COVID-19 vaccines do NOT contain the live virus that causes COVID-19 and cannot infect you with the COVID-19 virus. The vaccines met the FDA’s rigorous scientific standards and underwent the most intensive safety monitoring in U.S. history.
If you have had COVID-19 you can and should get the vaccine when it’s available to you. Health experts do not know how long you are protected after recovering from real COVID-19 infection, but the vaccines are thought to create stronger protection against a future infection. The CDC recommends that people who have had COVID-19 make an appointment when one is available.
No. Regardless of whether or not you have medical insurance, COVID-19 vaccines are free. There is no out-of-pocket cost associated with getting a COVID-19 vaccine. You do not have to pay for anything or have insurance to get a COVID-19 vaccine.
Some people may experience side effects like pain or swelling at the injection site, a headache, chills, or fever. These minor reactions are common and are a sign that your body is building immunity. Even if you don’t have side effects, you are building immunity.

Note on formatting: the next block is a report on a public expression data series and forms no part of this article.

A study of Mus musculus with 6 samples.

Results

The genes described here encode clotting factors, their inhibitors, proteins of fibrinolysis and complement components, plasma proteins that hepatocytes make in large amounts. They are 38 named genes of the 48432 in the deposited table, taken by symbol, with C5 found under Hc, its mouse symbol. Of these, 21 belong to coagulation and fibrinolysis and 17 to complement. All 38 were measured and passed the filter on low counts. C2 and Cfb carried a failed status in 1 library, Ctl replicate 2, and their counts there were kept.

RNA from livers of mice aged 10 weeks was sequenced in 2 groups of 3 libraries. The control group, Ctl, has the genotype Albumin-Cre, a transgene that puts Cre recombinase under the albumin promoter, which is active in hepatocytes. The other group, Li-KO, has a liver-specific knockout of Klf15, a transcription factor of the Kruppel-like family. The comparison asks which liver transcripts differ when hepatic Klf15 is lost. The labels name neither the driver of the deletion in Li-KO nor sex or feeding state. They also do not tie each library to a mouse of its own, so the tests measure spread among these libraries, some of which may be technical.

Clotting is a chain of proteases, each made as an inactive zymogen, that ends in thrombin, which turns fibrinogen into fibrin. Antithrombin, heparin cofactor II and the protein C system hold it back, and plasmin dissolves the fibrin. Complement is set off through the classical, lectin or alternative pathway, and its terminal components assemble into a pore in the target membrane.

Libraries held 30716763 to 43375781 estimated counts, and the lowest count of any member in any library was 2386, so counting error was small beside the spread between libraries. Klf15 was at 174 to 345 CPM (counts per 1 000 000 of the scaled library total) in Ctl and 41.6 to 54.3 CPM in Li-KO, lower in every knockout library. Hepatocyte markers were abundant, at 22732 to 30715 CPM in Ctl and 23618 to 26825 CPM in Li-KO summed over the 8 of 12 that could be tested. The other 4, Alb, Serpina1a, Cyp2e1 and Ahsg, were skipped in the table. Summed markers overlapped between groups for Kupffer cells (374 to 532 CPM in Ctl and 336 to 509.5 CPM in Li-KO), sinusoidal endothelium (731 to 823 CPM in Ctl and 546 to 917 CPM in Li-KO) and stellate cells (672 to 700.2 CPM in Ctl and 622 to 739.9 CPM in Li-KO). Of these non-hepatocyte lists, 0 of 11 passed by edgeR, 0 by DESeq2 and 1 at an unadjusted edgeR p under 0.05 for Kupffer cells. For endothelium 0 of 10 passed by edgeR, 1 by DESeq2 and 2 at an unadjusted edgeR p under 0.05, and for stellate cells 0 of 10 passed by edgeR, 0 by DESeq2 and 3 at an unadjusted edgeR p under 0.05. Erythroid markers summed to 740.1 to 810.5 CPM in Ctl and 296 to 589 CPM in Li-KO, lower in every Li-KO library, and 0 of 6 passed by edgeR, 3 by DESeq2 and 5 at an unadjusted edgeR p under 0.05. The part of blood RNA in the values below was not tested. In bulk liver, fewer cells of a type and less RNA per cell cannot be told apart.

Serious allergic reactions and other side effects are extremely rare.
Any questions you have specific to the COVID-19 vaccine and pregnancy should be discussed with your healthcare provider.
Based on how these vaccines work in the body, experts believe they are unlikely to pose a specific risk for people who are pregnant. However, there are currently limited data on the safety of COVID-19 vaccines in pregnant people.
Clinical trials that look at the safety and how well the COVID-19 vaccines work in pregnant people are underway or planned. Vaccine manufacturers are also monitoring data from people in the clinical trials who received vaccine and became pregnant.
Studies in animals receiving a Moderna, Pfizer-BioNTech, or Johnson & Johnson’s Janssen (J&J/Janssen) COVID-19 vaccine before or during pregnancy found no safety concerns.